City-sized, outdoor war museum
in Hanoi, Vietnam on 21st March, 2012


Arriving in Hanoi I could see the weather wouldn't be anything like the rest of Vietnam. It began to rain as my driver drove me into town. I had a map of Hanoi downloaded onto my iPhone and GPS pointed out our position at any given moment. It was close to midnight when we got to the old quarter. The driver kept on insisting random hotels were mine. I pushed him on till we got to my real hotel.

I checked in and carried my bag up four flights of stairs. The blinds were falling off the top of the window and the room smelt of damp. I laid in the bed; it was cold and damp. It was late and I made the best of a bad room.

The next morning, after I booked an overnight cruise in Halong Bay, I headed out into town for the day. There is an area in central Hanoi the size of London's Soho which is a military zone. It's hard to avoid when walking around town. It's full of men sporting Kalashnikovs around their shoulders. I'm not sure if they're police officers or simply guards but they look like soldiers on patrol.

There was a fine mist and occasional outbursts of rain as I walked about the city. The damp and stickiness of the atmosphere made me wonder how anyone would live here given the other climates in the country. My flip flops, feet and ankles would be covered in dirt and mud every time I'd return to my hotel.

Here more than anywhere else in Vietnam you can see large amounts of communist propaganda thrown up. In some places there would be three or four billboards right next to one another. The streets had more cars than anywhere else in Vietnam I've visited and I even spotted two Bentleys driving around.

Traffic was really aggressive. There was a lot of people driving the wrong way down the road and people would sooner run you over rather than slow down. At one point I was trying to cross a one way street. As I was looking and waiting a motorbike driving against traffic came and stopped on left foot. I screamed in shock as did he. The driver with his girlfriend on the back of the bike made off before I came out of a state of shock and had a chance to react.

Later on I saw a bike hit another from the side and a passenger fly off onto the street. He almost managed to land on his feet. In total I saw two accidents a day in Hanoi and countless near-misses.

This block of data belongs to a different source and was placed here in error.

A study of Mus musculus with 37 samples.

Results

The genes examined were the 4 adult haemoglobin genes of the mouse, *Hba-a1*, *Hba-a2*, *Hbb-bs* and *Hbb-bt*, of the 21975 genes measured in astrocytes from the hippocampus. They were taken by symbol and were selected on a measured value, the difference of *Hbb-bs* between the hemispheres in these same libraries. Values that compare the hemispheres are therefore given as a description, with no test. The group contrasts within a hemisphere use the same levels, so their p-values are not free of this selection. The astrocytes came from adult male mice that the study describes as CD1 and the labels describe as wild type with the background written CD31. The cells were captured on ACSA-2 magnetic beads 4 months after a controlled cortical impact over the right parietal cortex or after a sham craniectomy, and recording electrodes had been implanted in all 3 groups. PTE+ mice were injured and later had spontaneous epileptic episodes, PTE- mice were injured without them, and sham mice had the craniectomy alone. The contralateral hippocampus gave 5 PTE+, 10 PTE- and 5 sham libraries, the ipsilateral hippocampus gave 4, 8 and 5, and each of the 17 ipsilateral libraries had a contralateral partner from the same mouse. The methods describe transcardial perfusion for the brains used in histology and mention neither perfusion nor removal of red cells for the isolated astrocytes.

I felt like there was no where safe to walk. On one occasion I found a western-style sidewalk with no one driving on it. I soon learnt why. I soldier sporting an AK-47 appeared and demanded I cross four lanes of traffic and walk on the other side of the street.

For a capital city I was surprised at how few sit-down restaurants there were. Most places where you could eat looked like the most uninviting street food joints I've come across throughout my trip. There would be small and dirty table and chair sets setup on the sides of the roads. The smell in some of these places was intoxicating. I've eaten street food all over South East Asia and it's usually a tasty and reliable way to eat. Here I didn't want any of it.

One afternoon the city started to break me. The most enjoyable thing I do in life is explore new places but here the best experience I had was just going back to my hotel room, putting on the kettle and watching some Family Guy. I did get to watch the first Formula 1 race of the season live on Australian television but I could have done that from anywhere in Vietnam.

The places I've visited in Vietnam were really hit-and-miss. My favourite places do deserve a mention because they were really special and justified me coming here. They are: Halong Bay, Hue, Hoi An and Saigon.